My New Filing Technique Is Unstoppable

I bought this Keio Select Cravat (of Japan) because I liked the boldness of its modified stripe pattern; it took my wife to point out to me that the irregularities in the stripes resemble the tabs and cuts of office file folders. Hence the reference to the office satire clipart comic by David Rees in the header. (Rees is better known for his political satire clipart comic, Get Your War On. I don't mean to toot my own horn, but I made a clipart comic way back in 1991, in Harvard freaking Graphics. For DOS!)

Retro Modern

Today's tie is a big retro print from Exotic Silks, made into a perfectly-shaped tie by Pamper Him of Chicago. Similar patterns can be found in Jenn Ski's Pod Series of giclee prints.

Reverse Botanical Silhouette

Silhouettes are hot in the design world, in animation (both short and longer form), video games, and book covers. Reverse silhouettes (i.e. white instead of black) are also hot, in animation, book covers, and the blogosphere. This tie from Carter & Holmes anticipated all that (maybe).


Here is another Paul Klee tie from The Gallery Collection by Christina Desiree; this one is based on the painting Blossoming. I think this makes a case for Klee being the father of 8-bit art.

Same tie, different color

Here is another Liberty of London cotton summer tie, in the same pattern as my previous one, but in brown and peach instead of pink and aqua. Are there any paisley prints as delightful as Liberty's? I don't believe so.

Hubert redux

Often the difference between conservative and bold, sartorially speaking, is just a matter of scale. If the pattern on this tie from Hubert of Milano were much smaller, it would look pretty ordinary (see my Hickey Freeman tie), but blown up to this size it's a Retro piece. That said, its retro qualities are chameleonic: Modern Art 50s? Pop Art 60s? Tasteless 70s?

Tuesday, June 08, 2010


The label on this tie reads "Simon," or maybe J Simon, or JG Simon, or even GJ Simon. At first glance the pattern looks like bubbles, but I think it looks even more like a bacteria colony. Ah, the beauty of nature!


This tie from Asutra displays the "stone marble" pattern of marbled silk, in which the dyes are dripped onto the substrate and not manipulated with a comb. Blood red is an interesting color choice for a drip pattern!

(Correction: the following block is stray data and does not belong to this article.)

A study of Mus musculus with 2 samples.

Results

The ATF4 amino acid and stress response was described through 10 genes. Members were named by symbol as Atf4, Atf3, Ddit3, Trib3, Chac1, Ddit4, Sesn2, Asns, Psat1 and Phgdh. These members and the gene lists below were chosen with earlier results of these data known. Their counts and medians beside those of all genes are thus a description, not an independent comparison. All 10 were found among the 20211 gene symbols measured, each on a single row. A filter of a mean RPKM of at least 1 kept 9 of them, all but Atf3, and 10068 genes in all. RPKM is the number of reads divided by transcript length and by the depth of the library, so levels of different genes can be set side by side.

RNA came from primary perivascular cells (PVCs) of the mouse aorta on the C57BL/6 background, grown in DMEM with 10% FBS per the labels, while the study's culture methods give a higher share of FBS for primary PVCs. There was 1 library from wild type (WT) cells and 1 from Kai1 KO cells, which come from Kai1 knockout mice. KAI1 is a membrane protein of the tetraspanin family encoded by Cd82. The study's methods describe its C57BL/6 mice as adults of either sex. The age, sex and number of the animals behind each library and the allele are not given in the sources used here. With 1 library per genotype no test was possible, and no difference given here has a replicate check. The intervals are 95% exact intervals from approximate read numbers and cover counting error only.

Republic of China

The label on this tie reads, "With the compliments of Tourism Bureau, Ministry of Transportation and Communications, Republic of China." It was made in... Italy. The design does not strike me as very Chinese, but I guess that was not the point for this gift item. I wonder what audience it was meant for.

Go Blue Hens!

For working the University of Delaware Doctoral Hooding Ceremony and Convocation on May 28, I took a cue from the university president's outfit in the new employee welcoming video and wore a shirt and tie in the university colors (roughly). The rather journeyman tie (the only yellow one I could find, believe it or not) by Giorgio Redaelli has a woodland-themed figural pattern with ducks, deer, rabbits, foxes, and flowers. Hermes and Ferragamo do the best figural ties, combining witty designs with precision printing. And luxury prices.

Gone Troppo

May 27: the official start of summer is still over three weeks away but we already have tropical heat and humidity. Now that's the good old mid-Atlantic climate I grew up with! What better way to celebrate the return of tropical weather than with a vintage Kanaka Tie from Hawaii* of wonderful lightweight crinkly cotton barkcloth?

* Supposedly... ;-)

Golden Peacock

I rarely see a hand-marbled tie under a fashion brand, but this modified peacock pattern bears a x'Andrini label and tipping. I like the way the tiny splashes of purple, pink, and white spice up the earthtones palette.

Back in Liberty

Nothing suits a sunny day like a pink shirt and a Liberty of London cotton paisley necktie. Target scored a real coup this spring with a line of Liberty products; I was too slow to get any of the neckties (I really wanted the one with cars on it!), but I did pick up a couple superb floral print shirts.

Hickey Freeman

There is a very little bit of Frank Lloyd Wright in the vaguely deco-ish pattern on this tie from Rochester clothing manufacturer Hickey Freeman, though it is more cluttered than anything Wright designed.